By Betty Berry, Tuesday, Aug. 31, 2010 Q: I keep hearing about the need for seniors to include physical activity in their daily activities, but I never seem to have the time or interest. How can I get started?
A: I am always excited to report on a new program or activity for seniors. Senior Concerns and the SCAN Senior Resource Center, in cooperation with California Lutheran University’s exercise science department, will be offering the Active Living Every Day course, which helps sedentary people become and stay physically active for a lifetime. The course, developed by the Cooper Institute, uses established behavior change models to empower people to overcome barriers to physical activity.
The 14-week course, designed for inactive seniors 60 and older, will be held from 3:30 to 5 p.m. Mondays starting Sept. 13 at Senior Concerns Day Center, 401 Hodencamp Road, Thousand Oaks.
The initial session is free for the first 20 qualified seniors. Participants who enroll in the program will be required to commit to all 14 sessions.
The class will be conducted by Bob McCullagh, a certified ALED instructor at the SCAN Senior Resource Center in Ventura. For more information about this program and to find out if you qualify to participate, call the center at 658-0365.
Q: In the past few months I have had several friends laid up due to a fall. I believe this is one of the most serious things that can happen to a senior. Do you have any hints on how to avoid falls in the home?
A: A fall in itself is bad enough, but it can, and many times does, result in additional problems. Some victims never fully recover from the effects of a fall.
Falls can occur in any part of the home, but some rooms are more dangerous than others, starting with what is usually the smallest room in the house: the bathroom. A wet, soapy floor, tub or shower can be more slippery than a skating rink, and just getting in or out of the shower or tub can throw off one’s balance. To help eliminate slippery conditions, place grab bars and skid-proof flooring in every bathroom. Make sure someone knows how to properly install these safety tools. A poorly installed grab bar is worse than not having a grab bar at all.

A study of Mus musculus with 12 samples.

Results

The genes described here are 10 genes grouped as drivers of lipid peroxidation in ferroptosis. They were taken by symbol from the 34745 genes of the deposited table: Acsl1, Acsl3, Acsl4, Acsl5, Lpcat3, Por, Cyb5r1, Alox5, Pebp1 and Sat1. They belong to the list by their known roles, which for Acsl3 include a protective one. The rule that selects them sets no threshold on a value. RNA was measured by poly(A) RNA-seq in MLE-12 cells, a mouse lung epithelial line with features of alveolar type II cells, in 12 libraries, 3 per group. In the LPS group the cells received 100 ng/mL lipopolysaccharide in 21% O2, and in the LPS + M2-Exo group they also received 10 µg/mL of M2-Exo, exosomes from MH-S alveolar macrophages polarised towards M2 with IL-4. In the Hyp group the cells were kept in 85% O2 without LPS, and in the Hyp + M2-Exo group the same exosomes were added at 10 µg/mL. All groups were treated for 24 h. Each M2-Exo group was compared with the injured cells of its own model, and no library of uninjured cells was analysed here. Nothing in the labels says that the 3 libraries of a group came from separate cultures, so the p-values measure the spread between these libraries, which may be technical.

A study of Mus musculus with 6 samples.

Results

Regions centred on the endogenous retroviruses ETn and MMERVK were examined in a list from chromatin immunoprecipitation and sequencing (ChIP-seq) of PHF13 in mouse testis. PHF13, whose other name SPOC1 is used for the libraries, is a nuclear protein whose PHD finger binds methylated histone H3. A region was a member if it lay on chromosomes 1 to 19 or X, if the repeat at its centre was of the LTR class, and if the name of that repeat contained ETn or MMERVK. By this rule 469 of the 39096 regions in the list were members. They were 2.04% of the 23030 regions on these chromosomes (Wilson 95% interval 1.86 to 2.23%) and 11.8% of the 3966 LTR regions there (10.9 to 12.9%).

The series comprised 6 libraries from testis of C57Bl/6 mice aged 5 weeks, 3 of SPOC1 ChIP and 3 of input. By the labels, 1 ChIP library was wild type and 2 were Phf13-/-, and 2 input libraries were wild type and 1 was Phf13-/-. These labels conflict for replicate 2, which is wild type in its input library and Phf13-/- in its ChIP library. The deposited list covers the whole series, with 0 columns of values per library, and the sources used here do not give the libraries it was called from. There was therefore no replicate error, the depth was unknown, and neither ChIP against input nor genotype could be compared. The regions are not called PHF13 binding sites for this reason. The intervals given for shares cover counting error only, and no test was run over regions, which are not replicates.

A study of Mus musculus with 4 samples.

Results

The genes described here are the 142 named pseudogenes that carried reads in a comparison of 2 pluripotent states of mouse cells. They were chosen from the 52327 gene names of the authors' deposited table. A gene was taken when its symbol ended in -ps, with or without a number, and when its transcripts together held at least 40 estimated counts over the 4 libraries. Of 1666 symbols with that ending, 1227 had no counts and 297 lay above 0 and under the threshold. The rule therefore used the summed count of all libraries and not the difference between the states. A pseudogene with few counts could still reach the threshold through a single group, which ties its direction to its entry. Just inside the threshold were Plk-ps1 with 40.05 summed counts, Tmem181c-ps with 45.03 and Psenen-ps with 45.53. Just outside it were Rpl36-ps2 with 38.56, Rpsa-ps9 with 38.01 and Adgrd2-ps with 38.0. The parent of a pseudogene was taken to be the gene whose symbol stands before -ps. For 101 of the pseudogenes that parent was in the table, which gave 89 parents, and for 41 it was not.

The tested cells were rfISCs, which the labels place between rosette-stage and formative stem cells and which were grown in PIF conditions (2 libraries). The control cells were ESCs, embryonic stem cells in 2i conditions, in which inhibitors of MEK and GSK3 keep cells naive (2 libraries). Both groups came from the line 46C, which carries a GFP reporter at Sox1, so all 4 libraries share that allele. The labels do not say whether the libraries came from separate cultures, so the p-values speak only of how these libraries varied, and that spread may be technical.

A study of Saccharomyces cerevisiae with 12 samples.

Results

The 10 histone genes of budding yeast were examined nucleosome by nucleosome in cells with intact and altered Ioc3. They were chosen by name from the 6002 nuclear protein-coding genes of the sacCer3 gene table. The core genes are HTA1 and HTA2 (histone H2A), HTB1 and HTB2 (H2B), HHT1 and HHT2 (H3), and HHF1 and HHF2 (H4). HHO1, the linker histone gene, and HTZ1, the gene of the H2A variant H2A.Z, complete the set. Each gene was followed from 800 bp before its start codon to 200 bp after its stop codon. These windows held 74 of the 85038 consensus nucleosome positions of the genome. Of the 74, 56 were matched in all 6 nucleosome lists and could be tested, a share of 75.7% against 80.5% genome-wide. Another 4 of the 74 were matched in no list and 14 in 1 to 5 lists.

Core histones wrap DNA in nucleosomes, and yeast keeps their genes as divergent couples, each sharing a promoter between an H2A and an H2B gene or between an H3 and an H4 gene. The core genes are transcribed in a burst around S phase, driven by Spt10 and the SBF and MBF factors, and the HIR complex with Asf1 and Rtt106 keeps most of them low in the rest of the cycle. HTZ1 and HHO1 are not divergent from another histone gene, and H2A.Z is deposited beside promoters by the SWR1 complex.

Another dangerous room is the kitchen. Again, spills on the floor can make the floor slippery.
Partial open drawers and cabinet doors can throw someone off balance who tries to avoid or bumps into them. A little effort to wipe up spills and close drawers and doors when they’re not in use, will help eliminate dangerous situations.
Stairs can be deadly: Loose handrails, slippery conditions, worn carpeting, poor lighting and objects left on steps are all hazards.
Handrails should be securely attached to the wall and go from the first step to last step. Light switches should be at the top and bottom of the stairs so they can be turned on whether a person is ascending or descending.
Other rooms can create dangerous conditions due to poor lighting, cluttered walkways, lamp cords, and throw or scatter rugs.
A periodic review of each room in your home to correct unsafe conditions might help ensure a fall-free environment.
– Understanding Social Security seminar, 1:30-3 p.m. Sept. 8, Westlake Village Civic Center, 31200 E. Oak Crest Drive, Westlake Village. For more information, call 495-6250.
— Betty Berry is a senior advocate for Senior Concerns. The advocates are at the Goebel Senior Adult Center, 1385 E. Janss Road, Thousand Oaks, CA 91362; call 495-6250 or e-mail firstname.lastname@example.org (please include your telephone number). You are invited to submit questions on senior issues.